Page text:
Americans like to say that in this country, anyone can grow up to be president. Until Nov. 4, 2008, that was inarguably true – as long as you were born white and male. Today, a 47-year-old African American who was born when someone like himself would have had trouble voting in many parts of the country, and when interracial marriage was illegal in 22 states, is president of the United States of America.


“…his improbable personal journey is inextricably intertwined with the nation’s long, bloody road to racial equality. Before it was changed by the 14th Amendment, the Constitution defined someone like Obama as three-fifths of a person. It took the Civil War to end the abomination of slavery, and another century for the Civil Rights movement to prevail. Obama’s victory hardly marks the end of America’s most corrosive social affliction; but if racial prejudice and mistrust die in a thousand moments of progress, this is the most important one in a long, long time.” USA Today editorial, Nov. 5, 2008


Now that Obama has been elected by the majority of Americans to be our nation’s leader, it is time to put aside partisan-driven ideologies and differences, at least long enough to celebrate what has happened to us as a country. Even if you disagree with all or most of Obama’s plans and programs, even if somehow you’re still convinced he’s a covert Muslim who nevertheless attended a Christian church as a baptized member for 20 years, all Americans should rejoice that a thick, previously impenetrable glass ceiling has been broken that must have God smiling down on us.


Obama’s victory is a moral victory for our country; one that Dr. Martin Luther King Jr. prophesied 40 years ago but which an assassin’s bullet kept him from experiencing. If he were still alive, he would have been 78. I believe he would have emphasized that Obama was elected first and foremost because more Americans voted for him because they deemed him most qualified to lead us, and not simply because he was black. Still, of the 95 percent of African Americans who voted for Barack Obama, there were no doubt some or many who did so primarily because he was their first opportunity to cast a ballot for a black person that actually had a chance to win the presidency.


And who can blame them – especially those who suffered through the evils of bigotry and racism in the darkest of times of America? Certainly not me. And the exit polls indicated that there were numerous whites, especially in the South, who voted against him primarily because he wasn’t white or because he was black. I have no sympathy for those folks. Clearly, we still have a ways to go to embody the principles put in place by the imperfect but prescient founders of this nation.


If you’re a follower of Christ – regardless of your political affiliation – I hope that you can appreciate that America’s choice of an African American, albeit a biracial one, albeit one who worked long and hard to prove that he was not a threat to white Americans, albeit one who had to distance himself from his ‘radical’ pastor, is a sign of God’s justice, and not merely the victory of one party over another. For those of us who claim to look at history through redemptive lenses, Obama’s election was a breakthrough that some thought would never come. For those of us who are committed to pursuing biblical reconciliation, this was a victory for God’s coming kingdom.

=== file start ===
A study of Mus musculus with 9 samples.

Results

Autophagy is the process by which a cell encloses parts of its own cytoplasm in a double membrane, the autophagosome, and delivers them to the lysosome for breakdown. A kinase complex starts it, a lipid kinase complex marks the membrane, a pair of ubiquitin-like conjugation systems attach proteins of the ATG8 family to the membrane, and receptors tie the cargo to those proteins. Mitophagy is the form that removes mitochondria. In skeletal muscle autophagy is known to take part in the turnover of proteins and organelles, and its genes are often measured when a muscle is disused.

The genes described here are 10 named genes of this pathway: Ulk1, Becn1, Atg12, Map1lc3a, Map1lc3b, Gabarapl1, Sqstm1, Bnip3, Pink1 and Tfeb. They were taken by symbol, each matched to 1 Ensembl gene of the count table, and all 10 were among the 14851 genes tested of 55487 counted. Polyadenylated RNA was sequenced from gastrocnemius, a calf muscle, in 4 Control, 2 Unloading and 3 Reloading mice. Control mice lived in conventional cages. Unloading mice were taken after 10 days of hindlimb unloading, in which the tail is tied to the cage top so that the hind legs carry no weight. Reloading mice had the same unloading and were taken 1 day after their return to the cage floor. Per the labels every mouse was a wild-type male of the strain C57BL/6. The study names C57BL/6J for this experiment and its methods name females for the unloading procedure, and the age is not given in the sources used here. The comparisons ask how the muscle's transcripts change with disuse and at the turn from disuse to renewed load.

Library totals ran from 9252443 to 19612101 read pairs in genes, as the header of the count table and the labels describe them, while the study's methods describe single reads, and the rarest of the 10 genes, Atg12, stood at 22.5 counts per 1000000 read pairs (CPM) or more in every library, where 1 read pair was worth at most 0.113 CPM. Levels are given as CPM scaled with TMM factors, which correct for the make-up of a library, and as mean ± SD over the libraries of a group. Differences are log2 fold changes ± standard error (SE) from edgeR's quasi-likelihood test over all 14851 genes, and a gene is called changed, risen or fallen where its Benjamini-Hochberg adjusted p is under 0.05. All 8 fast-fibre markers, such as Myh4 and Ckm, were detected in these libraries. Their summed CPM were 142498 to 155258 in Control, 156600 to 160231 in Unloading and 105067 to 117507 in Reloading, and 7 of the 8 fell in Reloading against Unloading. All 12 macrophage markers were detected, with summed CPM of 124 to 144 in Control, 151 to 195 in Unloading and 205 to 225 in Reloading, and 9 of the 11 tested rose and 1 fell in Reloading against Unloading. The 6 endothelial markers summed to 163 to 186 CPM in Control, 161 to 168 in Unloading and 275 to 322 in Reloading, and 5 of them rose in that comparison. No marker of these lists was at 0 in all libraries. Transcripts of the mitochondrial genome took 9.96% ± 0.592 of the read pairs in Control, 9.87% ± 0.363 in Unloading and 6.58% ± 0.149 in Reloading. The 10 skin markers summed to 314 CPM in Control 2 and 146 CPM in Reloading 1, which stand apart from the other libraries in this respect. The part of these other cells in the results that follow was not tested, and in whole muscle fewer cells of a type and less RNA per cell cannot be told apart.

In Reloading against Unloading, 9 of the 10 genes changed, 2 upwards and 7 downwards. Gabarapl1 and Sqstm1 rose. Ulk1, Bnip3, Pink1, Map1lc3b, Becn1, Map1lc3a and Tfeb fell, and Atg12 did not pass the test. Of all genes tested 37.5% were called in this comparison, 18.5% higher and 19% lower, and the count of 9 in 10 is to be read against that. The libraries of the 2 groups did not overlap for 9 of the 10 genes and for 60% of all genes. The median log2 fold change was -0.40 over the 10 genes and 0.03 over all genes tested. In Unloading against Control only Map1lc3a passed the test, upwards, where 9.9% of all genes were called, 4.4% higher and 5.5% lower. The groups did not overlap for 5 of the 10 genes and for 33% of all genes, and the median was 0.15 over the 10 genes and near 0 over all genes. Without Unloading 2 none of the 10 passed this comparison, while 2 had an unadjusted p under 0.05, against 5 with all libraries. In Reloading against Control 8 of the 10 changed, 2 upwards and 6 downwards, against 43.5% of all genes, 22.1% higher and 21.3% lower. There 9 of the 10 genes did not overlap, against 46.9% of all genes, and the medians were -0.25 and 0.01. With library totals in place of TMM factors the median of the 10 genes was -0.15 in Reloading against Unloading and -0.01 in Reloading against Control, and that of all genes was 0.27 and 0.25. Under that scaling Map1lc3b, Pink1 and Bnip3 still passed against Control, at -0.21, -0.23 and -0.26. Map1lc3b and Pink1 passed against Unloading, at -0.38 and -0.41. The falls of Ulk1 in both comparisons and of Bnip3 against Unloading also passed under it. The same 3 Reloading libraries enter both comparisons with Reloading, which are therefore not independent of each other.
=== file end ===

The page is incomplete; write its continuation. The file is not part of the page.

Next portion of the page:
Moses led the people of God for 40 years of wandering in the desert. When they finally got to the Promised Land, God kept Moses from going in with his people. However, he died knowing that they had gotten to where God had pointed them. Forty years ago, Dr. King reminded our nation where God had originally pointed us to go, and he too never got to see us take those first steps into the Promised Land.


Gen. Colin Powell became the first African American Secretary of State and Condoleezza Rice followed in his footsteps. Geraldine Ferraro and then Sarah Palin became the first female major party candidates for the office of vice president. Those were just a few of the notable steps we have taken as a nation toward a Promised Land where all people are judged by the content of their character instead of the color of their skin or their gender.


Their efforts pointed us toward a time in this country when there is truly justice and equal opportunity for all. Electing our first non-white president, though, is a giant step into that storied “land of the free and home of the brave.” I hope you will join me in thanking God that this time has finally come and in recommitting ourselves to praying for and working for God’s justice for all.


Ken Fong is senior pastor of Evergreen Baptist Church of Los Angeles, located in Rosemead, Calif. He is a pioneer in multi-Asian and multiethnic church ministry and author of Pursuing the Pearl: A Comprehensive Resource for Multi-Asian Ministry (Judson Press) and Secure in God’s Embrace. This column is an excerpt from The Audacity of Faith: Christian Leaders Reflect on the Election of Barack Obama, which is available at Judson Press.